Churches Partner to Sound Forth the Gospel in the Region


Stanwich Congregational Church in Connecticut and Central Presbyterian Church in New York City are separated by 40 miles, a state line, and denominational affiliation. One is urban, one straddles the line between suburban and urban, with campuses in quiet backcountry Greenwich and growing urban community in the South End of Stamford.

But there is more uniting these two congregations than separates them. They share a vision of a church that reaches beyond their church buildings, that partners with other churches in a global movement for the Gospel.

“When you read scripture, you see that in the early church, there was a vibrant relationship among churches — they shared finances, teaching, even workers in the Gospel. They encouraged one another’s communities and propelled the gospel far beyond their individual churches,” explains Jason Harris, senior pastor of Central Presbyterian on Manhattan’s Upper East Side.

In that spirit of collaboration and connection, Rev. Harris and Rev. Nathan Hart of Stanwich Church will participate in a pulpit exchange on Sunday, June 23. Each will preach to the other’s congregation on a text from 1 Thessalonians: “For not only has the word of the Lord sounded forth from you in Macedonia and Achaia, but your faith in God has gone forth everywhere …”

“The idea of the gospel sounding forth throughout the region is what is animating our collaboration,” said Nathan Hart, senior pastor of Stanwich Church. “We share a belief that the church doesn’t exist solely for ourselves, but for the good of the world. We share a commitment to going beyond our walls, to be the kind of church described in 1 Thessalonians.”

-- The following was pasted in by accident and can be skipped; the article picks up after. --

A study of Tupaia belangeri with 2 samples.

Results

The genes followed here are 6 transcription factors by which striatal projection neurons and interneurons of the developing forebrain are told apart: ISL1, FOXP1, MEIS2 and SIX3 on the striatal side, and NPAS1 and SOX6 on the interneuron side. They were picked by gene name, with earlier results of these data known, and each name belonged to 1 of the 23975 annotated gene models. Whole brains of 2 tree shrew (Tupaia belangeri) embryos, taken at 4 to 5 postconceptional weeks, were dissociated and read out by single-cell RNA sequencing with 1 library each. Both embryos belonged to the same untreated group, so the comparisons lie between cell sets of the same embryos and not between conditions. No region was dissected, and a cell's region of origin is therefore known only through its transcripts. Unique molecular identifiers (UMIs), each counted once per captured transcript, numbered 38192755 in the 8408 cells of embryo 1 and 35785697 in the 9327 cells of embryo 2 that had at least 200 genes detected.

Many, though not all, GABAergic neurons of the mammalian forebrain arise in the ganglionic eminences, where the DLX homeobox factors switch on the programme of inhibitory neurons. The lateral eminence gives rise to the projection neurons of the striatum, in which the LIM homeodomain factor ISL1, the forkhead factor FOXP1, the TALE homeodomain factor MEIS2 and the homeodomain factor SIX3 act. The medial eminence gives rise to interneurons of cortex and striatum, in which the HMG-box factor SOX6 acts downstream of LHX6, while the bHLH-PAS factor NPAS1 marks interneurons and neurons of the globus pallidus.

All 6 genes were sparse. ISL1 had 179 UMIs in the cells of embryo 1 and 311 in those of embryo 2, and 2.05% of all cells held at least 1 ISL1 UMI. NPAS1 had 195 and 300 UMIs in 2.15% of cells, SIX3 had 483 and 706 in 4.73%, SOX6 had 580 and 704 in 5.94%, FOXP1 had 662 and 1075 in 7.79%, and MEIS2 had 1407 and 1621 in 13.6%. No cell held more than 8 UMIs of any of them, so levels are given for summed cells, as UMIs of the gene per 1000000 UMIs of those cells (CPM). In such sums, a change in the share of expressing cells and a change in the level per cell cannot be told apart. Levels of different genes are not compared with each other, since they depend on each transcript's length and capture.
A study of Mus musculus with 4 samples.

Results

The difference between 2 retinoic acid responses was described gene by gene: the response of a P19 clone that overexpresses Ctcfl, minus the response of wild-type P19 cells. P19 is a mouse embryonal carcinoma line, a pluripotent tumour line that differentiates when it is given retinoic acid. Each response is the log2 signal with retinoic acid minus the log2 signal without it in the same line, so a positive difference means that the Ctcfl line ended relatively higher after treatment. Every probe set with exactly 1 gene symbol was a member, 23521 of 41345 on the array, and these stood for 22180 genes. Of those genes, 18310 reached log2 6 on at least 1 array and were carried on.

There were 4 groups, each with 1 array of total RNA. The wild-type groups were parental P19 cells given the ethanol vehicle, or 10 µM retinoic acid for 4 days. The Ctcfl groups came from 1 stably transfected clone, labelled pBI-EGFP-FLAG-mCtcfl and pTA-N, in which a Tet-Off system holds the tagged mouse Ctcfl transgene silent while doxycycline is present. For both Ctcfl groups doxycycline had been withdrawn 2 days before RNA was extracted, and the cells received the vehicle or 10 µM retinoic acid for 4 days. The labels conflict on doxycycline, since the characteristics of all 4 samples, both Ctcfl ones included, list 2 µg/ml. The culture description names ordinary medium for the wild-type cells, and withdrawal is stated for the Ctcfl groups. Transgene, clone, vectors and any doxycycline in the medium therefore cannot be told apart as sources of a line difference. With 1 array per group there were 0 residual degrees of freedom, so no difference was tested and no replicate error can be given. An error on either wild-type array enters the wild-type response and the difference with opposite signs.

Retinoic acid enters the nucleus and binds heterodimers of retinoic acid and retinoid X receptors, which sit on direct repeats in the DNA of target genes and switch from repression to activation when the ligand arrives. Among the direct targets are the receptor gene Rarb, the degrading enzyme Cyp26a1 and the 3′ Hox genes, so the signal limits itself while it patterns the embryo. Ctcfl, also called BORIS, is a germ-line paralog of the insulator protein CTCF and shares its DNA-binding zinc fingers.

In addition to their common vision for the church, there are other ties that bind. Rev. Harris attended Stanwich Church as a teenager, and his sister still does, recently completing a term on the church’s elder board. Revs. Hart and Harris were classmates at Princeton Theological Seminary and were affiliated with FOCUS (Fellowship of Christians in Universities and Schools).

“And there is a flow of people between our congregations — many of Central Presbyterian’s families moving to Connecticut are drawn to Stanwich, as are Stanwich young adults who have moved into the city and worship at Central Presbyterian,” explains Rev. Hart. “We have natural, overlapping relationships and a desire to tell a story: that Jesus is alive and well and on the move in our region.”